Predator 2 (1990) Director: Stephen Hopkins
Predator 2 is simply a terrible movie. The dialogue is corny, the effects would be considered poor even for 1980s television, and the plot is mostly uninteresting. It stars Danny Glover, Gary Busey, Bill Paxton and others. Whereas the original film Predator is possible to be taken seriously as an engaging blockbuster thriller, Predator 2 could easily be dubbed over with a laugh track and very little would change in terms of the tone of the film. It contains themes of Hollywood “Blaxploitation” and other mildly interesting connections to Hollywood culture at the time. One point of note about the Predator series is the 1980s cultural milieu in which it was created: Predator takes place in a Central American jungle where the Reagan administration deployed numerous special forces to disrupt suspected communist activities, and the sequel Predator 2 takes place in Los Angeles amidst the urban crime wave of the era. The Predator series was very much a self-conscious product of its time.
The plot takes place in Los Angeles where a crime wave has taken over the city. One lone police officer is tracking down criminals when he stumbles upon the predator creature amidst Columbia and Jamaican cartels, as well as voodoo priests. The creature has been systemically hunting and killing its prey. In the end, we find Danny Glover’s character alone on the predator’s ship in hand-to-hand to combat (the walls are lined with skulls including the skeleton of a Xenomorph from the Alien franchise). Somehow, he wins the fight against this superior creature and is rewarded by other predators with an 18th century pistol -as if to suggest the predators have fought on earth in centuries past. At any rate the film ends and the predators fly away, but we are assured they will return.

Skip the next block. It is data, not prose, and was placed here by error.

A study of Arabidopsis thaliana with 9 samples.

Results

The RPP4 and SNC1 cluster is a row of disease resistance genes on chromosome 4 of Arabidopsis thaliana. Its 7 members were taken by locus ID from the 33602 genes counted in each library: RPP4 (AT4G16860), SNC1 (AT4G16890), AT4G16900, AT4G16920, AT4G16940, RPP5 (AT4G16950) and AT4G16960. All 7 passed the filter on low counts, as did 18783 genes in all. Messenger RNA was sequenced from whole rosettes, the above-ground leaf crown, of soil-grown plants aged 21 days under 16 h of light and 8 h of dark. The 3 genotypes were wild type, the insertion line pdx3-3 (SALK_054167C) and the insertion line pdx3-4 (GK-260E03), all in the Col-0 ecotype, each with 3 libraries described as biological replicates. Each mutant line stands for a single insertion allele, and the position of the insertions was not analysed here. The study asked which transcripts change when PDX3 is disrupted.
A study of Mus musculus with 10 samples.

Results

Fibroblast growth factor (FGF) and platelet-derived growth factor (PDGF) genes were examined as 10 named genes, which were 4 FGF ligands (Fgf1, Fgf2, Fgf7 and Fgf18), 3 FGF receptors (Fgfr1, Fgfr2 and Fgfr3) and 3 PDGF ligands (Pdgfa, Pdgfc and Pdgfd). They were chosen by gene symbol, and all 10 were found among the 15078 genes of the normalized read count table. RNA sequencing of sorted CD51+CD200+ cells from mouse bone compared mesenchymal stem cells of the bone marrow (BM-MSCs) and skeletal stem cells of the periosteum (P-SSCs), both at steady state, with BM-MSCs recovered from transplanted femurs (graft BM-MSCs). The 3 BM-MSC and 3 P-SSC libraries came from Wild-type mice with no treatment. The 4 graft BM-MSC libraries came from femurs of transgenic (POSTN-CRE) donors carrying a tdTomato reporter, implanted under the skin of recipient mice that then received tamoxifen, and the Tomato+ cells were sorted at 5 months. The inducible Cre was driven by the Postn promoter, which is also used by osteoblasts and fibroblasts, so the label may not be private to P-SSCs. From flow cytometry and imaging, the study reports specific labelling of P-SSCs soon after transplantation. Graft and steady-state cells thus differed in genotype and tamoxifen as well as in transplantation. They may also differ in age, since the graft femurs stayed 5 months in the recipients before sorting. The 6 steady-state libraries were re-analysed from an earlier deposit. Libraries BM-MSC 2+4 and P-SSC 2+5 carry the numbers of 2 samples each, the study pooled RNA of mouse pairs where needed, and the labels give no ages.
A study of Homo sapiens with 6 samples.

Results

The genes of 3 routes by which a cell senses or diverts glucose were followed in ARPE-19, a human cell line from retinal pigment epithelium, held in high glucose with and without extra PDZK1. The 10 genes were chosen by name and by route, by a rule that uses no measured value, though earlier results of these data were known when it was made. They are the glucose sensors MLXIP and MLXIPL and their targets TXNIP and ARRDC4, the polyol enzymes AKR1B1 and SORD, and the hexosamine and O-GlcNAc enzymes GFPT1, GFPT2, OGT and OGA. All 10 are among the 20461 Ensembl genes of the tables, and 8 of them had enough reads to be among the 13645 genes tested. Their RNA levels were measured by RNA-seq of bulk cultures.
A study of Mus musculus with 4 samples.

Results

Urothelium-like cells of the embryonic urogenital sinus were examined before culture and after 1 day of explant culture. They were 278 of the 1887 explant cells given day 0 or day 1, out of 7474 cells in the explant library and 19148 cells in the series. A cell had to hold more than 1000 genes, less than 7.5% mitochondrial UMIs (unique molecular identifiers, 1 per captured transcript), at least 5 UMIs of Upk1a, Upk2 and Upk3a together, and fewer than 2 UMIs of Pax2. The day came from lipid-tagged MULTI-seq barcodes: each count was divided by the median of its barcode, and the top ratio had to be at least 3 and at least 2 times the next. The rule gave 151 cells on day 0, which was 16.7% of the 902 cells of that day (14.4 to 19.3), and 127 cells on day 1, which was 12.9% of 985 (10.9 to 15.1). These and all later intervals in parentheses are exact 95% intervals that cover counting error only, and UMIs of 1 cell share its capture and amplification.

Unfortunately this picture did not put a nail into the Predator coffin and to our great misfortune future Hollywood hacks decided to create an Alien vs. Predator series to widespread popular rebuke, and then yet another reboot of Predator was foisted upon us in the 2010s. I have not seen the latter but if the excesses of modern Hollywood franchises have shown us anything, we can expect unnecessary blinding explosions and CGI effects to satisfy hordes of mindless lemmings; a nauseatingly garbled plot that is sloppily thrown together in order to appear more sophisticated and complex; and an overt political message straight out of an academic seminar laced with dark, postmodern ambiguities blurring the lines between good and evil.
The sequel curse may be a lesson that not enough people have learned in Hollywood. Chris Gore certainly has some words of wisdom on that.